The Gemini SERP

This week, Google shelved its splashy in-person Gemini launch event in favor of blog posts and multiple videos showcasing the AI's advanced capabilities. One of more popular videos was, unfortunately, a "faked" demo. Others were more authentic (see, e.g.). The public has access to Gemini through Bard, though not much has obviously changed yet – especially for local. Mixed anecdotal reactions suggest Gemini might have been rushed out the door, as part of Google's effort to change the PR narrative and prove it can retake the lead from OpenAI and Microsoft, which it claims to have done according to benchmark testing. More interesting to us, is the video (below) showing how Gemini might be integrated into the search UI. The video presents a scenario in which a parent is looking for ideas for a child's birthday party. Gemini uses "bespoke" interfaces to help disambiguate and help refine the query rather than simply presenting the traditional SERP with images and links. One can easily imagine this being the future direction for the search UI and a full-blown replacement for Google SGE, which has been less than impressive to date.

Our take:

  • Gemini will be used "on the backend" to understand user intent without question. But the UI implications are interesting to contemplate.
  • One can imagine different UIs by vertical, which is already sort of happening, or by query intent (informational vs. transactional).
  • Google could use this to collapse the funnel. Ads could be more "elegantly" incorporated at "end," potentially creating a better overall UX.

Report: Biz Hours a LRF

SterlingSky reported that business hours are now a local ranking factor, which impacts local visibility in the Google SERP. "As of November 2023, Google appears to be looking at whether a business is currently open as a ranking factor for local pack rankings," SterlingSky owner Joy Hawkins writes. This makes sense and a version of this has probably been going on for some time in mobile; however it has yet to be confirmed by others or Google. If correct, these findings will undoubtedly prompt some businesses to try and represent 24/7 availability for ranking advantage. However, that may be difficult; local guides, third party data (NAP consistency) and Google Duplex are potential enforcement tools. According to earlier research by Google (2014), hours are one of the top three local information types mobile users search for. But there are some unanswered questions. For example, which categories and queries will be affected? Will it be equally applied on the desktop vs. mobile? How much "hours spam" will this prompt? And how will Google respond to fake hours?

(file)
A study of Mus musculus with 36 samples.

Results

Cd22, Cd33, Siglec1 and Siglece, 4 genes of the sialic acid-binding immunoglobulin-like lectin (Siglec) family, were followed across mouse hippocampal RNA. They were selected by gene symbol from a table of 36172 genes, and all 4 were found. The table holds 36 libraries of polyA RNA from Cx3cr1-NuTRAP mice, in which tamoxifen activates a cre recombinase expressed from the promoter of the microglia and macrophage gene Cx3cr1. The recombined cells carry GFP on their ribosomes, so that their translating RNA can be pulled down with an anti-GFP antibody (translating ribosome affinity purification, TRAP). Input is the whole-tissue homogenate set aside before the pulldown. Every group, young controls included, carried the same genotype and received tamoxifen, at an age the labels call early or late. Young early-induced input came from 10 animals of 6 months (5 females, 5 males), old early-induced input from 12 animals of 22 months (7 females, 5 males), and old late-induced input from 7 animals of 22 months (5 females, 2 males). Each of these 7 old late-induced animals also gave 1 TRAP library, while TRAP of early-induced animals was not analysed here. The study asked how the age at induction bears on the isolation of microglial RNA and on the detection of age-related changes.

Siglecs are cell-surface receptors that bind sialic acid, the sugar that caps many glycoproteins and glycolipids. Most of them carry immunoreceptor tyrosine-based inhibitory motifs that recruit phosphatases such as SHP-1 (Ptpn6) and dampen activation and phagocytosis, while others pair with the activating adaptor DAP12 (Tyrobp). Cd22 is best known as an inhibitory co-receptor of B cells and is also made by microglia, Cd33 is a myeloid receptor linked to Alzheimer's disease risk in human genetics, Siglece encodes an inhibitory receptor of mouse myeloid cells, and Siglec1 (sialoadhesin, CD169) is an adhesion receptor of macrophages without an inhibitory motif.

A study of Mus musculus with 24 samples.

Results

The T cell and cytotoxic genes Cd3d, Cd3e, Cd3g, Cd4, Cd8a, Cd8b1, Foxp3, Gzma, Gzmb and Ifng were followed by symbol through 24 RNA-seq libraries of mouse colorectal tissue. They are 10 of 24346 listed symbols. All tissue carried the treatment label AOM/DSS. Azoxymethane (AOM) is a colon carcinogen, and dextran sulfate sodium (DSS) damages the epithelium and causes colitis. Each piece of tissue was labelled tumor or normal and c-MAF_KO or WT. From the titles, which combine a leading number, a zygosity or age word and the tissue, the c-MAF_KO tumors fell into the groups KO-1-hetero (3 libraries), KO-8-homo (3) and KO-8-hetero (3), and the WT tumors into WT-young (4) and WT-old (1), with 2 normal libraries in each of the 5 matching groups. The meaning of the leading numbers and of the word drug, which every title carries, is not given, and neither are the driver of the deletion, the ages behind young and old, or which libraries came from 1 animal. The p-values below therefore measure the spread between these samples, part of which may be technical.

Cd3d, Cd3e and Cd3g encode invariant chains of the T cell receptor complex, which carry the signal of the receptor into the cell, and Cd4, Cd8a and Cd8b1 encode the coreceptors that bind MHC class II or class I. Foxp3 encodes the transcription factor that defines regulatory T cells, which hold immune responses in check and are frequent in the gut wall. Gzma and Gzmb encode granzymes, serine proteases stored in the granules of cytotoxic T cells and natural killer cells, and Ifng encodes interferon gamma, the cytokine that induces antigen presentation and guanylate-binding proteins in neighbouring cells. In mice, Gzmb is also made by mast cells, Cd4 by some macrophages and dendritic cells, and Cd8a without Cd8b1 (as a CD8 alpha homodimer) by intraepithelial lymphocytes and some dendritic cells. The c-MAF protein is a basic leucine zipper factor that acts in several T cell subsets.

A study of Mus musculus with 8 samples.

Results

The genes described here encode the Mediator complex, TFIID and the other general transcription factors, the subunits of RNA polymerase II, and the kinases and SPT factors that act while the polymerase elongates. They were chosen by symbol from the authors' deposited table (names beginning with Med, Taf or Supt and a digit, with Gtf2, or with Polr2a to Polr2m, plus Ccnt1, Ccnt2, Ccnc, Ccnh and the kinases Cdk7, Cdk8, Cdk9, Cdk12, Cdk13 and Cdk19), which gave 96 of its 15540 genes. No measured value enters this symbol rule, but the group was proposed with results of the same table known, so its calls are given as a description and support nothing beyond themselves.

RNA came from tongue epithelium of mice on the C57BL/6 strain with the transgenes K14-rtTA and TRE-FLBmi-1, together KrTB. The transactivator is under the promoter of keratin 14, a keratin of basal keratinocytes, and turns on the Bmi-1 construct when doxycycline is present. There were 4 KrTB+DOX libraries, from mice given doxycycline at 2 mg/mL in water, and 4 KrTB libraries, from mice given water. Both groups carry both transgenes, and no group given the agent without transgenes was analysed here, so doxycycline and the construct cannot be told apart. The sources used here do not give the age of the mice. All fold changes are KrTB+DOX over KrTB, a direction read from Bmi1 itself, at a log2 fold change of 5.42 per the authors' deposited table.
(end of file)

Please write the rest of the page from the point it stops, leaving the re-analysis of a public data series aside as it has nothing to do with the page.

Source: SterlingSky

Our take:

  • While hours do appear, from SterlingSky's evidence, to be a local ranking factor more testing is probably warranted.
  • In some categories there may be a difference between "business hours" and "access hours" (e.g., storage). This may create challenges. Google's business hours guidelines.
  • Some service businesses and consultants (e.g., realtors) may try to expand hours because they can take calls any time of day.

Agencies Love AI, but FOMO

The AI surveys are now coming fast and furiously. The latest is from Duda, which used a third party firm to survey "200 digital agency leaders worldwide." Most (80%) of respondents are from agencies with <100 people and 50% are US-based. One of the headlines is: 100% agencies surveyed are already using AI in some form. Earlier surveys show lower adoption. Duda's respondents are totally bullish on AI tools to help them save time, boost profitability and scale. However, the majority (84%) express varying levels of concern about keeping up with rapid AI evolution (FOMO) and there are other concerns as well (e.g., security/privacy). The top three tools being used are: 1) ChatGPT, 2) DALL-E and 3) Bard. The top use cases are mostly content-related: updating websites, creating new pages, creating images for sites and optimizing content/sites for SEO. Amazingly, 62% of respondents said they were using AI prompts "to create entire sites." The major success metrics are: cost savings, operational efficiency, client satisfaction and engagement, revenue growth. Agencies expect to save an average of ~$7K in 2024 using AI, with larger ones expecting to save more than $25K. Overall, agencies expect that AI will "transform" their businesses in the coming years.

Planned areas of AI investment for 2024
Source: Duda agency AI survey

Our take:

  • There are risks to using AI to without enough human oversight. Nextdoor created 300K pages with AI for SEO but may have been hit by HCU.
  • Regardless, AI has now become a critical part of digital agency workflows. Best practices will evolve rapidly in the next 12 - 24 months as capabilities improve.
  • For more, check out our podcast interview with Whitespark's Darren Shaw and SterlingSky's Joy Hawkins about current local SEO AI use cases.